Photo by Bahaa A. Shawqi

We’re All Crazy: Get Used to It, a book about the power of having the proper mindset by Jerold Skolnik, shows readers the importance of self-control in living a good life.

We’re All Crazy: Get Used to It, a book about the power of having the proper mindset by Jerold Skolnik, talks about the importance of viewing the world objectively despite the subjective craziness that is ongoing 24/7. Now, what does that actually mean? How does one view the world objectively when there is so much sensory input going through everyone screaming at them subjectively?

This is the thesis of Mr. Skolnik’s We’re All Crazy: Get Used to It

Like a tightrope walker must rein in her fears to cross to the other side, people must learn how to keep their heads from blowing up!

By having the proper mindset, an individual learns self-control.

What is self-control? Self-control is the capacity for someone to manage their emotions and adjust them to respond optimally and adequately. It is the self-control that keeps you from shouting at your neighbor if they accidentally break your window. It is the self-control that keeps you from breaking down in the middle of an evening commute after a long and hard shift at work. It is the self-control that keeps you smiling if you’re working in a call center and have a very entitled client. 

Self-control is what helps you avoid making socially unacceptable responses. It also helps you behave properly in otherwise stressful and chaotic situations. With a proper amount of self-control, an individual can maintain their health and rightly pursue their goals.

According to psychologists, self-control is knowing when to control behavior and avoid temptation; it is the ability to rein in desires and resist urges. 

Why is self-control important?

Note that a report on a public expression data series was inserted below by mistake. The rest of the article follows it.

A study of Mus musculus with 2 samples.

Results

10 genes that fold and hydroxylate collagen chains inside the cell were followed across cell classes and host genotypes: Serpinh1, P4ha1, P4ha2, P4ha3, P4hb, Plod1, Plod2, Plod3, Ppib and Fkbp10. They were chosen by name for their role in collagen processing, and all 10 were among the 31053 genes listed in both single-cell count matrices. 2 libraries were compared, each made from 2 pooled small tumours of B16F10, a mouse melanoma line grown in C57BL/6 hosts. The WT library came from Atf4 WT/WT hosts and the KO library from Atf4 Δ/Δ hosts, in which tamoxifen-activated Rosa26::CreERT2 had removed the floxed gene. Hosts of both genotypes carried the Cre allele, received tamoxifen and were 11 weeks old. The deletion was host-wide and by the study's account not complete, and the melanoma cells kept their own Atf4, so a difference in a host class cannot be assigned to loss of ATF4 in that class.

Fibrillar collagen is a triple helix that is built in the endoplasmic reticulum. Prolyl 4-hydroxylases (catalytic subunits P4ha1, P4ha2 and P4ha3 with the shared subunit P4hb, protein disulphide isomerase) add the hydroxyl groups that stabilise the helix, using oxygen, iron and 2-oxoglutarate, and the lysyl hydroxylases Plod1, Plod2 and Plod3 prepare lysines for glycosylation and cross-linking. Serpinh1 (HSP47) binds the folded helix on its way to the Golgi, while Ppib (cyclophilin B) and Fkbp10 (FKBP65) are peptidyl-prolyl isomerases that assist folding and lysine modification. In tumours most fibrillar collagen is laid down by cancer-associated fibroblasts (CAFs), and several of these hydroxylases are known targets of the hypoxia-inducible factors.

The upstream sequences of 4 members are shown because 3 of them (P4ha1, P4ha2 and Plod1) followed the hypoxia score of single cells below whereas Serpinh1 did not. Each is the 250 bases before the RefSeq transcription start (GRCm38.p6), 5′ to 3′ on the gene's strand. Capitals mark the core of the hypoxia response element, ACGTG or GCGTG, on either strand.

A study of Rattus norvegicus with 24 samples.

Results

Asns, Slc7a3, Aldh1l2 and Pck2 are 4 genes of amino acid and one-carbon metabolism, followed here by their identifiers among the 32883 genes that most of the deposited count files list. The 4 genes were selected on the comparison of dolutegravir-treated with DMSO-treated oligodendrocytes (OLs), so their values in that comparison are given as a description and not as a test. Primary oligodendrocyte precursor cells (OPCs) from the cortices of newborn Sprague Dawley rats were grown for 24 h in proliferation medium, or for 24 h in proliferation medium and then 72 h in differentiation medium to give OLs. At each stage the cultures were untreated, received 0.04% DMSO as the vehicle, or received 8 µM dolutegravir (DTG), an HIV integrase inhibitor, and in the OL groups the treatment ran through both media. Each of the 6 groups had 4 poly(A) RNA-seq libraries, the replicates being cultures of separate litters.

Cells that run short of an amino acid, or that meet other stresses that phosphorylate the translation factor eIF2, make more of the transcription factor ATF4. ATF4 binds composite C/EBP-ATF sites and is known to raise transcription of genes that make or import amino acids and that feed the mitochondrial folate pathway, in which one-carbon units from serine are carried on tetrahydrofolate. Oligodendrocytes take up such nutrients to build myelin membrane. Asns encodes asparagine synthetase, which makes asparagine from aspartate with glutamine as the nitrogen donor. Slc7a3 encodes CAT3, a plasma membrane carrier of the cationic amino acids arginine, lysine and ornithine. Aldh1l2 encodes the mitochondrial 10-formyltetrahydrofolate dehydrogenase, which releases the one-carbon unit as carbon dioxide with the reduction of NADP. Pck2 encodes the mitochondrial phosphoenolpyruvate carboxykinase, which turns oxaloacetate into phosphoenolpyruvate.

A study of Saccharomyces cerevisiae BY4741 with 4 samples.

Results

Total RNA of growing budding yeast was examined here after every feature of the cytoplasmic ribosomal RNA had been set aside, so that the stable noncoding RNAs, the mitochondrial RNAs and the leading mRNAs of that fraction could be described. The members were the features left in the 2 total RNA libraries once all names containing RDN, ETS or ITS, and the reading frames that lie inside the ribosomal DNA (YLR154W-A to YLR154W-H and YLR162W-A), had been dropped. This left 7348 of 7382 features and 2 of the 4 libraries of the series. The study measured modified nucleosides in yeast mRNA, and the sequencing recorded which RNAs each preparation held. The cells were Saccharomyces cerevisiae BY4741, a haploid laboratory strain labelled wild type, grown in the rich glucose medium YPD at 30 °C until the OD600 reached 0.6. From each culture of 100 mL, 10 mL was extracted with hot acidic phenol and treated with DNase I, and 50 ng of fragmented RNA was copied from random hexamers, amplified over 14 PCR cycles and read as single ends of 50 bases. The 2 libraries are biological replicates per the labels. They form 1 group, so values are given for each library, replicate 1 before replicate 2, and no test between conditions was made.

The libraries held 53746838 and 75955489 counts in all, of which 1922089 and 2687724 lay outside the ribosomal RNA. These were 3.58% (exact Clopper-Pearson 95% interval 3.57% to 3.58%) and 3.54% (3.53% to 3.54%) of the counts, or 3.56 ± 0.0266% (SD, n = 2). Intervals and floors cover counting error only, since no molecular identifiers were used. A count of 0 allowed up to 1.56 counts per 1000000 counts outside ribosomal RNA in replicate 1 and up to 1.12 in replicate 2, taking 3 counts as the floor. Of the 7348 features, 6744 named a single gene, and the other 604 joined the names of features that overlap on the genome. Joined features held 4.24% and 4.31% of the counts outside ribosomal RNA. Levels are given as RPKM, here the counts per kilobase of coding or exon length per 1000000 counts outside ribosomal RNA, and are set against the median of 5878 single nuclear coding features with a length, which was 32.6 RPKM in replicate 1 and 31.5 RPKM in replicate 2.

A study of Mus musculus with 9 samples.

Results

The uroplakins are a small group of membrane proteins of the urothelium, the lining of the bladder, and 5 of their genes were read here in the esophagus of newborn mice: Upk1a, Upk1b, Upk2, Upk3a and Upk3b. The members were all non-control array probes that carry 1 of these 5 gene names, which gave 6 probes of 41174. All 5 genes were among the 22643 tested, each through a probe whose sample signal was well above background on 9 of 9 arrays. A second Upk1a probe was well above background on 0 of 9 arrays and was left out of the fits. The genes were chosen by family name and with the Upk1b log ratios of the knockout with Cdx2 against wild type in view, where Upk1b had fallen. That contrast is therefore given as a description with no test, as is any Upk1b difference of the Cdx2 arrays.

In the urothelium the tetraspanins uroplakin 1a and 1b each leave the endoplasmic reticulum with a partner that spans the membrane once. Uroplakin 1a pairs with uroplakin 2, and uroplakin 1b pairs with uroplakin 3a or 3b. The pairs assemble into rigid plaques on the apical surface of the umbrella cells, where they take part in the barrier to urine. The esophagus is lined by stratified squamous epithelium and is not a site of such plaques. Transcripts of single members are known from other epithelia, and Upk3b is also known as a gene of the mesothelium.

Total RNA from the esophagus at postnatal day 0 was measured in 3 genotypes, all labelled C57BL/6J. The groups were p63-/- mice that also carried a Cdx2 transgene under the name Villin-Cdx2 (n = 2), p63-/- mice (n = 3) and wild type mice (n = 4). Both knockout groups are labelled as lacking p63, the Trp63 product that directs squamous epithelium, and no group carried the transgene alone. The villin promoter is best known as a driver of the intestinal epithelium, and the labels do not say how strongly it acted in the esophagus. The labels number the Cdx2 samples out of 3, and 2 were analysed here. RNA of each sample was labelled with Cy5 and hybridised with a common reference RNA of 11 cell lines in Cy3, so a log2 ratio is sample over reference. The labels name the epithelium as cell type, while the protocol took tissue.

What is the most common reason life becomes frustrating? It is when goals and objectives are not achieved–there can be plenty of decisions why that happens, but they normally all have to do with making the wrong decisions or being swept away with impulses. If you want to start living a good life, you have to learn how to rein in those impulses and start learning how to make good decisions.

This involves self-control.

When you learn self-control, you are more prepared to regulate your impulses and avoid being drawn into temptations. This allows you to commit to projects and goals with no distractions, allowing you a higher likelihood of succeeding because you are focused and dedicated.

Having an appropriate handle on your emotions is very important to deal with everyday situations. Sometimes, it is okay to let your emotions influence your decision-making, but more often than not, it is generally a good thing to be mindful of yourself and place reason above one’s own urges.

Here is how self-control helps with living a good life:

Improved capacity for making decisions. The hardest thing when making decisions is the involvement of emotions. Personal preferences, deeply embedded biases, and other arbitrary factors all play a part in how the thinking process works and, when deciding what to do, can be a great impediment to choosing the best course of action. 

Resistance to enticements and seductions. Man is a slave to his desires, a person of note once said, and not without standing. It is said that humans only know two things: pain and pleasure. People tend to avoid pain at all costs, and they tend to pursue pleasure at all costs. While this might not mean much at the surface, the statement does paint a neat and accurate picture of how individuals tend to go about their day. But adhering strictly to this principle is sure to lead to bad results. That’s why self-control is needed to temper these urges and proclivities.

Increased mental awareness and focus. By reining in your base impulses and avoiding the path that leads to pleasure, you gain a clearer vision of things that helps you focus. Suddenly the path to success and improvement is laid out before you, and the fog that once obscured it is gone. 

Healthier Interpersonal Relationships. With relationships, minor inconveniences pile up, and absent a proper and objective assessment of things, it will end. Self-control is needed to adequately engage with people and learn when and what to talk about.